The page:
In addition to searching through the individual botanical definitions you may now benefit also from browsing the extensive information gleaned through our research. This list has been compiled in alphabetic order according to the genus or species..

To browse the definitions please click on one of the buttons below to see the section under that letter. In some cases there may be no words under a particular letter.

 

guineensis mean 'of or from western Africa eg. the Guinea coast'. [See Elaeis guineensis.]

gummifer is derived from Latin gummi (gum) and -fer (bearing, carrying) components meaning 'producing gum'. [See Astragalus gummifer.]

Gustavia [genus name] commemorates a king of Sweden, Gustav III (1746-1792), who was ruling during the last seven years of the life of this genus name's author, Carolus Linnaeus (1707-1778). Historians write how fearing the loss of Swedish independence in 1771, because of the persistent infighting between the factions in the nobility which controlled the Swedish government, Gustav III broke with previous practice which subscribed to a non-political royal family. His political abilities, which he would continue to use throughout his reign, were tested when he eventually engineered an uprising. This led in 1772 (without bloodshed) after he had proved his skills as an orator when he addressed the parliament, to gain the nobility's acceptance of a new Constitution. He now became involved in restoring strong government and removing corruption to restore Sweden's standing. Gustav III also encouraged the arts and is said to have developed the most cultural and scintillating court in Europe. It is noted too that the Swedish Royal Academies of Arts, of Letters, History and Antiquities, and of Music were all established during Gustav III's reign. The king was also a master of intrigue throughout his life and it has been suggested that this, combined with politics, contributed to his murder. He was shot in the back at the Royal Opera House in Stockholm when attending a midnight masked ball, the inspiration for operas in the following century. [See Gustavia.]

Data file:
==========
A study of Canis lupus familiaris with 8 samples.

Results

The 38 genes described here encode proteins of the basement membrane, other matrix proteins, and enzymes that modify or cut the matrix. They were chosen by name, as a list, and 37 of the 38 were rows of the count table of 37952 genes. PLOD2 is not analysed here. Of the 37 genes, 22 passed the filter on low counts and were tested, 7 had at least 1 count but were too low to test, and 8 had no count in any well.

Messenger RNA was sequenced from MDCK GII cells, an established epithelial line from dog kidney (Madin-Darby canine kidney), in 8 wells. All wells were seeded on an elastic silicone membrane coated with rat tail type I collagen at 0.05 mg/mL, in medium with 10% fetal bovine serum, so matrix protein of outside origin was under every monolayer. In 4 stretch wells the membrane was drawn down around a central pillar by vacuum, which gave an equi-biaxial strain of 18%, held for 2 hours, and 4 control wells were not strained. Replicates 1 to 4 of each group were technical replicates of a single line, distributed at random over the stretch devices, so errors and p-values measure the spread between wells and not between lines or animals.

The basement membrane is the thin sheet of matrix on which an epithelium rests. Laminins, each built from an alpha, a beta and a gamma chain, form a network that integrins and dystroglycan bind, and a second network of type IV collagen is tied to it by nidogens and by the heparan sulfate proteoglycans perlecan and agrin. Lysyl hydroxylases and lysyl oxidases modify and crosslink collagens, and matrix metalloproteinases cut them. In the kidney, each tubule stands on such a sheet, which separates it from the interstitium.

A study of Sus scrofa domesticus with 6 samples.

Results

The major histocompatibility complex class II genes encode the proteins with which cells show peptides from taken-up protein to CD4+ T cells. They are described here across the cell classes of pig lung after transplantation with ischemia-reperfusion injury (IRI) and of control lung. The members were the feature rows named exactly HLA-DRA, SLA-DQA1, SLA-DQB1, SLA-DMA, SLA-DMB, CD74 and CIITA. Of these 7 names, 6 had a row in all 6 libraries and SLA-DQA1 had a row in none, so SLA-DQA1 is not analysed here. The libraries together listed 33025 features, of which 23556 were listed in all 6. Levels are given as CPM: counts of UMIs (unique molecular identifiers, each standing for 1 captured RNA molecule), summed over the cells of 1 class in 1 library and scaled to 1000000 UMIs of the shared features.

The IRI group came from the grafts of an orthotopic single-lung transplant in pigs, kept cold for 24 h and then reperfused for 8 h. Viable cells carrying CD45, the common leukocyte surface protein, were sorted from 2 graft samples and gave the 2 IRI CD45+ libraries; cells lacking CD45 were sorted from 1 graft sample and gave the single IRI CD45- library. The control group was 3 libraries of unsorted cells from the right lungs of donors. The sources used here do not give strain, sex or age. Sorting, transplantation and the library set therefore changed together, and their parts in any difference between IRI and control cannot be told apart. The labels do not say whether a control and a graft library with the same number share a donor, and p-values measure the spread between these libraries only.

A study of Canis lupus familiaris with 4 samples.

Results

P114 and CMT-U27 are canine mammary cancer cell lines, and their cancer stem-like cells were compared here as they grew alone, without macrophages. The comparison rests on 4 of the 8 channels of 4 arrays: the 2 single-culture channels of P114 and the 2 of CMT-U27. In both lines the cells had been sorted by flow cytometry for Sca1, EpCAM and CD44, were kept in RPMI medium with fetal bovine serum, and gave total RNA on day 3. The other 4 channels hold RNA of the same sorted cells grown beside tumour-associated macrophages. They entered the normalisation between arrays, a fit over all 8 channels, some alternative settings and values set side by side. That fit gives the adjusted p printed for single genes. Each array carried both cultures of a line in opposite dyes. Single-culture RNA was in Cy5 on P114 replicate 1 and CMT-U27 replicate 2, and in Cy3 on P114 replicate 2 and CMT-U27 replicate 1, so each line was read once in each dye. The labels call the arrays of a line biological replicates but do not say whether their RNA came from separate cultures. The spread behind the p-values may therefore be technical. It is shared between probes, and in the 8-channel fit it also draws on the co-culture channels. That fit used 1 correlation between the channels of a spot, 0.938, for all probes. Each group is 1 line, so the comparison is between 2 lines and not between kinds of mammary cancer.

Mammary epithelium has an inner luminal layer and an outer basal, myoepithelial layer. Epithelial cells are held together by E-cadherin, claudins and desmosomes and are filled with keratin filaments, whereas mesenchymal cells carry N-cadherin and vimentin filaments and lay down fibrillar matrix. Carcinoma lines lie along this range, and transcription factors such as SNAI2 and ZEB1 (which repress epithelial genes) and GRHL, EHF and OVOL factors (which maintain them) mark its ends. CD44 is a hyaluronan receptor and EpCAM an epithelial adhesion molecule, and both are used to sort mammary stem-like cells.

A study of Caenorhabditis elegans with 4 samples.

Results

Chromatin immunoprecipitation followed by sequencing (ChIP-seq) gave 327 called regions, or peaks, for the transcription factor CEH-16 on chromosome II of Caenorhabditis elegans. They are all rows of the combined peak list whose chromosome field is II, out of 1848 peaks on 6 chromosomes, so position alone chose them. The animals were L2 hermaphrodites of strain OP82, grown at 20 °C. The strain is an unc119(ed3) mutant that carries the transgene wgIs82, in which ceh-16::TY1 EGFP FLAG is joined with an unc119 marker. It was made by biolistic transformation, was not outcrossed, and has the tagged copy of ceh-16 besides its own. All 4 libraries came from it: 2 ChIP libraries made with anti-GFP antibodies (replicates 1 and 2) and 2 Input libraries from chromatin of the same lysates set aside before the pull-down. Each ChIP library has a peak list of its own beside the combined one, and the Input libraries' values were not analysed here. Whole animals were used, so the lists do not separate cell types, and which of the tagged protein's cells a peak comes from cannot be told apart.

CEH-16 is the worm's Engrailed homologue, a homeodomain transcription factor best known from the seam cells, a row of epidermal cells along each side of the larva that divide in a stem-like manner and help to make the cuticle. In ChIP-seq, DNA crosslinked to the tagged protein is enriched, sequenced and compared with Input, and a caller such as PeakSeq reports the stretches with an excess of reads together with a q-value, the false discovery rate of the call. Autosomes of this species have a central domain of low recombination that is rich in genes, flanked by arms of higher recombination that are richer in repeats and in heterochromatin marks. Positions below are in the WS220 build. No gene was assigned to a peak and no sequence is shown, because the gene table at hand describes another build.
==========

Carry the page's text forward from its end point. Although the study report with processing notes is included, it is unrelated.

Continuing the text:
guttatus is derived from Latin guttati- (spotted, dappled) meaning 'speckled, dotted or spotted'. [See Mimulus guttatus.]

Gymnadenia [genus name] is derived from Greek gymnos (naked) and adeno- (gland) components with reference to part of the flowers' stamens. [See Gymnadenia.]

Gymnocarpium [genus name] is derived from Greek gymnos (naked) and carpo- ( fruit) components with reference to the uncovered spores on these ferns. [See Gymnocarpium.]

Gymnocladus [genus name] is derived from Greek gymnos (naked) and clado- (branch) components.

Members of this family (Leguminosae) absorb nitrogen from the air. Through the bacterial nodules on their deep growing roots, they will introduce nitrogen to the soil (and aerate it), to the benefit of neighbouring plants and any following them in the same soil. [See Gymnocladus.]

Gypsophila [genus name] is derived from Greek gypsos (gypsum, chalk) and philo- (loving) components with reference to the habitat. [See Gypsophila.]

gambelii is said to commemorate the name of an Assistant Curator of the Academy of Natural (now National) Sciences of Philadelphia, Dr. William Gambel (1821-1849). He was an American ornithologist and botanist (who was also interested in mineralogy) and collected plants in the American West although it is understood that his primary interest lay in birds. [See Quercus gambelii.]

gymnocarpa is derived from Greek gymnos (naked) and carpo- ( fruit) components. [See Rosa gymnocarpa.]